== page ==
We've been busy buying up all the plants that were being clearanced at some of the local nurseries. At least it feels like we have bought them all. I have been digging holes for days and days. But it is a great time of year to buy if your budget is small and you aren't too picky about the varieties you get!
To keep everyone abreast on what is growing here at Soggy Hollow House project, I created a customized google map with everything we have planted so far. This will be continually updated, and will have a permanent home on the master plan page of this website when we get it set up, but for now, I am debuting it here in a blurb.
The map below provides an interactive guide with all of our more permanent plantings. Click on the menu or on the individual icons, and an informational window will pop up showing the name of the plant, a photo of the species, and a link to a website where you can learn more about the particular plant. Included are perennials, fruit trees, vines and flowering shrubs (bee food). We will continuously update as our food forest (and landscape) grows! Switching out of satellite mode on the map will allow you to zoom in closer, but it then loses the landmarks.
Maybe if I get really ambitious I can do something like this with our vegetable garden next year!
Thanks for reading!
P.S. Google needs to come take a new aerial. Apparently the previous tenants owned a lot of black cars.
okay, we built a mock-up of the rammed earth idea for our garden wall.
Basically you build a form, add some screened soil (see Easy 7 minute DIY soil screen) that has some bit of clay content and then you tamp down on the soil over and over again to pack in it real good and viola...
The woodgrain impression is from the old pallet wood planks we used as the sides for the formwork. We are going to take a steel brush to a portion of this mock-up just to see what that would look like. I'm pretty sure it will look just as nice but we will probably end up sticking with the woodgrain look.
Turns out the soil we dug up for the garden wall footings is perfect, we think. It felt like the right moisture content and stayed together when Erin squeezed a handful into a clump, just like the experts say. It compacted nicely in the formwork and I'm pretty sure it will weather well if we don't coat it with something. We could add portland cement as well but for our purposes we are going pure rammed EARTH, I can't wait to see how it weathers.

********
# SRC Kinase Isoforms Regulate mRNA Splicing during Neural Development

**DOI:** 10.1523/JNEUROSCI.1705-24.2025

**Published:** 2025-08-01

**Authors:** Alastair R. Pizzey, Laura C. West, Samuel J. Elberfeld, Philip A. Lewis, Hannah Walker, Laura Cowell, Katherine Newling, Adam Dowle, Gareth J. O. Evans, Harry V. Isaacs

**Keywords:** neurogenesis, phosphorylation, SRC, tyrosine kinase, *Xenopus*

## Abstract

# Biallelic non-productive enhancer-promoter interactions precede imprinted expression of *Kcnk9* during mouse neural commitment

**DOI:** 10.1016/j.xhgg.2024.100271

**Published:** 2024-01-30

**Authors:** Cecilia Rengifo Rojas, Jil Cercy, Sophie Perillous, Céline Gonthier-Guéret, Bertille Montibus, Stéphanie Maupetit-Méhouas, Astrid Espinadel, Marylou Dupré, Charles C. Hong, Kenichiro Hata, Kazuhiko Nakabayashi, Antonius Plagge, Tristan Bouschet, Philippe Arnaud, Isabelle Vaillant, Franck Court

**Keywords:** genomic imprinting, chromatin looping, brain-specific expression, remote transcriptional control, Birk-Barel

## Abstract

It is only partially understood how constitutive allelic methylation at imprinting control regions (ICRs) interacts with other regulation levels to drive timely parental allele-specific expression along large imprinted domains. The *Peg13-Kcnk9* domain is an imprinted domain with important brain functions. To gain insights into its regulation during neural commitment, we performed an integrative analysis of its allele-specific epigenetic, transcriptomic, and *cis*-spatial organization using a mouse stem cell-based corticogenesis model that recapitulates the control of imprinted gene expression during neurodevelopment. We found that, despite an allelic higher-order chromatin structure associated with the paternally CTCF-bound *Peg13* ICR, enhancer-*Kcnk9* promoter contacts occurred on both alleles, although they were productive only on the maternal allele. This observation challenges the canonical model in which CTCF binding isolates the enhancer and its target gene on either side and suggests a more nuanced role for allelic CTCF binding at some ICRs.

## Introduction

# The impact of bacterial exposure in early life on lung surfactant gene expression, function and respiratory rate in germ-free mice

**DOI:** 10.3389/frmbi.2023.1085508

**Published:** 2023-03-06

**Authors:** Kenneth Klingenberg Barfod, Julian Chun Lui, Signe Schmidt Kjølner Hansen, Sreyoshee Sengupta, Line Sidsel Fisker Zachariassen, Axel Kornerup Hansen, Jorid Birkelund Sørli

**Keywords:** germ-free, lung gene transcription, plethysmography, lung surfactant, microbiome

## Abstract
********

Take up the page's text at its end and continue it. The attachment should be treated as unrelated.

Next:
The picture above is right after the form was removed and below is 3 days later. You can see our gabion mock-up too but until the creek gravel dries this will have to suffice for what to look forward to. Just ignore the staples and thin boards, we are using those big gnarly staples you have to hammer in and the big rough dunnage pictured in moss garden enclosure.
The gabion will be the upper portion of the wall, remember the sketch from moss garden enclosure. The next question is do we paint the hardware cloth? I am leaning toward black or yellow but the galvanized look is really nice too. Not thrilled about the red so nix that and we are down to 3 choices. Erin wants to do a different color from 1 side of the wall to the other.
Call it an experiment like everything else we seem to do around here.
Erin and I found ourselves in need of a soil screen on the spot when we decided at the spur of the moment to mock up both a section of possible rammed earth garden wall and a section of gabion garden wall; see the blurb about enclosing the garden. This is a Tuesday evening after our full day of work, baby chasing, and schooling yet we were excited to see some progress on our latest Soggy Hollow House Project.
Well, we didn't get both mock-ups complete before dark but we did end up with a beautiful little rammed earth mock-up wall and a decent little much needed soil screen that took all of about 7 minutes for 2 people to build as a team; one team member cuts, screws, and assembles and one team member marks, snips, and Facebooks. Below is a list of materials we used for our screen and the steps it took to get our first batch of beautiful screened soil.
We were lucky, we had all the materials right under foot, literally. This is what the pile of soil screen building materials should look like.
Building the screen
Cut the wood to make up 2 equal sides and 2 other equal sides (4 sides total) and attach them at the corners to make a rectangular frame, it would probably work as a square too, you're call. It would be best if the soil screen was at least 6 inches wider than your wheelbarrow or whatever vessel you will be using to catch your screened soul, I mean soil. Our soil screen is roughly 24 inches wide by 14 long.
Lay the frame down on something solid and use as a template to cut your screening material, in our case the 1/2" square galvanized hardware cloth already mentioned.
Now staple the hardware cloth to the frame around the entire perimeter. I used lots of staples, probably one every inch and a half to two inches.
Turn frame and hardware cloth (now officially a soil screen) back over and lay across your wheelbarrow or vessel of choice.
Shovel some soil into the screen.
Shake the heck out of the screen by pulling and pushing back and forth not up and down but not to hard or the soil will jump over the sides rather than slipping through the screen.
Dump the stuff that didn't go through the screen somewhere other than in your vessel of screened soil.
And you now have some screened soil.
I have no idea what happened to the yellow Lego block.